We've all experienced the occasional sleepless night. And it's misleading: watching the hour hand drag around the clock, turning yourself into a pretzel looking for one position you can hold long enough to doze off, dreading having to get up and drag yourself through the next day.
But for too many of us, this becomes an every night experience. Insomnia is a torture that gives us aches and pains, foggy thinking and a cranky, depressed disposition. Before you ask the pharmacist what to take, consider some simple home remedies that even sleep experts recommend?
Sleep doctors agree that there are simple things you can do to end the misery of little sleep or poor sleep. Here is a Baker's Dozen that just might change your restless nights to sweet dreams.
- Stay on schedule. Even if you are a free spirit, your body is designed to work best if you go to bed and get up at the same times each day. Yes, even on the weekend.
- Let the Sun shine in. Your brain needs to know that it's daytime. Try to get at least 30 minutes of natural light every day. This could combine really well with tip number three.
- Work it out. Exercise every day. Your body is a machine that is designed to work. When it idles for too long things go haywire. So get up and move those muscles. Just make sure you finish the workout 5 or 6 hours before bedtime. Getting your blood moving revs you up.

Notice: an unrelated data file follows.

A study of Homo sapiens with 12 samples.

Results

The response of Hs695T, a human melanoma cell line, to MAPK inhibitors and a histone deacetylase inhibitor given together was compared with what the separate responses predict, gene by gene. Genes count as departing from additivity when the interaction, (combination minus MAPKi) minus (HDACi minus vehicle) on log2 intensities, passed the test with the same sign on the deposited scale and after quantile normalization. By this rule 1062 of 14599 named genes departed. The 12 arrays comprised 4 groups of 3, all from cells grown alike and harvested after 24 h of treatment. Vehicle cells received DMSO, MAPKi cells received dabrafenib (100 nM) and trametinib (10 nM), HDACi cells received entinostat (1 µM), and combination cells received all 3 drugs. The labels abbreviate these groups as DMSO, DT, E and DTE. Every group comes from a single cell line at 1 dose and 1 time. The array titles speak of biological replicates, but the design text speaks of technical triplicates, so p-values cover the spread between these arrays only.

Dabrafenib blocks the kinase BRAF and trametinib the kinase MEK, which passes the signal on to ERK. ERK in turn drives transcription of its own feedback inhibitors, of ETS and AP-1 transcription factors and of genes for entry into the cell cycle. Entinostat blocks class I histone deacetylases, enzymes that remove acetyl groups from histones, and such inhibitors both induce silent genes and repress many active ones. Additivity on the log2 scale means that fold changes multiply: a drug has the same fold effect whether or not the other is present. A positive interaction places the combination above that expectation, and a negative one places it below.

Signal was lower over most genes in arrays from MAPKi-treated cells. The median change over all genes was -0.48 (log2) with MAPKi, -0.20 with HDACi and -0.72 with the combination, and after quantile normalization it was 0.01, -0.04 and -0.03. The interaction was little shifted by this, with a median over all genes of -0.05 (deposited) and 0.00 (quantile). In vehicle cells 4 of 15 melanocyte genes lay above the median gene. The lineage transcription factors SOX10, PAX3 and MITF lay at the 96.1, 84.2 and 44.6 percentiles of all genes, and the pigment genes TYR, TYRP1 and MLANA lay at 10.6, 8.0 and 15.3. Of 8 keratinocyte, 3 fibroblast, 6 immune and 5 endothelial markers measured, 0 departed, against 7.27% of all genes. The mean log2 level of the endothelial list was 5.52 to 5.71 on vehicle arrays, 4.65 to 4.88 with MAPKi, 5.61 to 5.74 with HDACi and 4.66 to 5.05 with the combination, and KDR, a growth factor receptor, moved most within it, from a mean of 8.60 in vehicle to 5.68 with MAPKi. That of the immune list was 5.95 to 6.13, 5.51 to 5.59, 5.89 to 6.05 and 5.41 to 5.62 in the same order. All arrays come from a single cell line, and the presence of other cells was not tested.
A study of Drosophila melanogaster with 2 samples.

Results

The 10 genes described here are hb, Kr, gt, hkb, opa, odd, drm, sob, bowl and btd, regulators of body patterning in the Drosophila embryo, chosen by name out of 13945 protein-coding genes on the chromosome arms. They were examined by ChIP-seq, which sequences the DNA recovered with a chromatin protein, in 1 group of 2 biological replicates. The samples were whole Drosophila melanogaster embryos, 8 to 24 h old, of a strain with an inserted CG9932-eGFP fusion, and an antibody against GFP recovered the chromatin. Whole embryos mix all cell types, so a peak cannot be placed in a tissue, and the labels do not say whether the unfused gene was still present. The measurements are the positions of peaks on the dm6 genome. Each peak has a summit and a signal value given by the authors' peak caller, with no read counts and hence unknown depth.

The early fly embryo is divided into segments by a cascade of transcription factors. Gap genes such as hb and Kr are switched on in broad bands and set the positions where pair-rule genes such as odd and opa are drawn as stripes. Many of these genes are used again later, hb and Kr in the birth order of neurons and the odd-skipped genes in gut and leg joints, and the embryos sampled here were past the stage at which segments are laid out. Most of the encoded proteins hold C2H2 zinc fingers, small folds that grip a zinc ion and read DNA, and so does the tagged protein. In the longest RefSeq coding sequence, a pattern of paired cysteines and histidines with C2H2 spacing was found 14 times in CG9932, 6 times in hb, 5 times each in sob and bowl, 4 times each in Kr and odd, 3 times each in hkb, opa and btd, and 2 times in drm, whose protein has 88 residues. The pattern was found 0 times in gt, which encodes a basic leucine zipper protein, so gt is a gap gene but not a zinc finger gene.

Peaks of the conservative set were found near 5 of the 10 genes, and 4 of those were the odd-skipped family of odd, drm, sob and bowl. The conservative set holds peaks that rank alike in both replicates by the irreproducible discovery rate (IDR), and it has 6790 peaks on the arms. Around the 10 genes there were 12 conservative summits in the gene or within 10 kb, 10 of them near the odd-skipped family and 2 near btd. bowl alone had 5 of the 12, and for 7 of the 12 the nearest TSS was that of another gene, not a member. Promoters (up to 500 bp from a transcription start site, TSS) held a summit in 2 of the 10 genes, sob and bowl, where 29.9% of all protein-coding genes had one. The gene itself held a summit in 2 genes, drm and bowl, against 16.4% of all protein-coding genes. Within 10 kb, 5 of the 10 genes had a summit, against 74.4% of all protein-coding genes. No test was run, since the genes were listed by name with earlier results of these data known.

- Create a good sleep environment. Turn off things that make noise and light. Invest in a comfortable bed. Turn thermostat down; cooler temperatures can help you sleep better.
- Nap if you need to. However, make it short; twenty minutes or less will rev you up. Longer naps leave you feeling sluggish. And take that nap in the early afternoon (think siesta!) Napping after 3 pm is a no-no.
- Eat light at night. A large meal can interfere with your sleep. It also tends to make you thirsty, which makes you drink more liquids, which will cause your bladder to wake you up in the small hours.
- Do not do drugs. If you find your prescribed medication is making it hard to sleep, talk to your doctor about an alternative. Some over-the-counter medications and herbal remedies can also keep you awake.
- Nix the nicotine and caffeine. They are stimulants that can take eight hours to wear off. Let's see, eight hours … that would be about how long you've been tossing and turning every night.
- Say no to the nightcap. It seems like a glass of wine is a good way to relax, but the sleep researchers say it can keep you from getting into the sleep sleep stages and it can cause you to wake up after the alcohol wears off.
- Hydrotherapy. A hot bath relaxes your muscles and afterwards your falling body temperature helps you feel sleepy.
- Take time to unwind. A few minutes of reading or listening to soft music helps your mind to back off the day and settle down for rest.
- Do not lie in bed awake. If you are wide wake after 20 minutes, get out of bed and do something relaxing (try tips ten and eleven) until you feel sleepy. Lying there being irritated or anxious about the sleep you are missing makes falling asleep even harder.
Finally – if a week or two of following these tips does not help, it's time to see your doctor. A short course of medication can get you back on schedule, or your doctor may refer you to specialists that employ other therapies.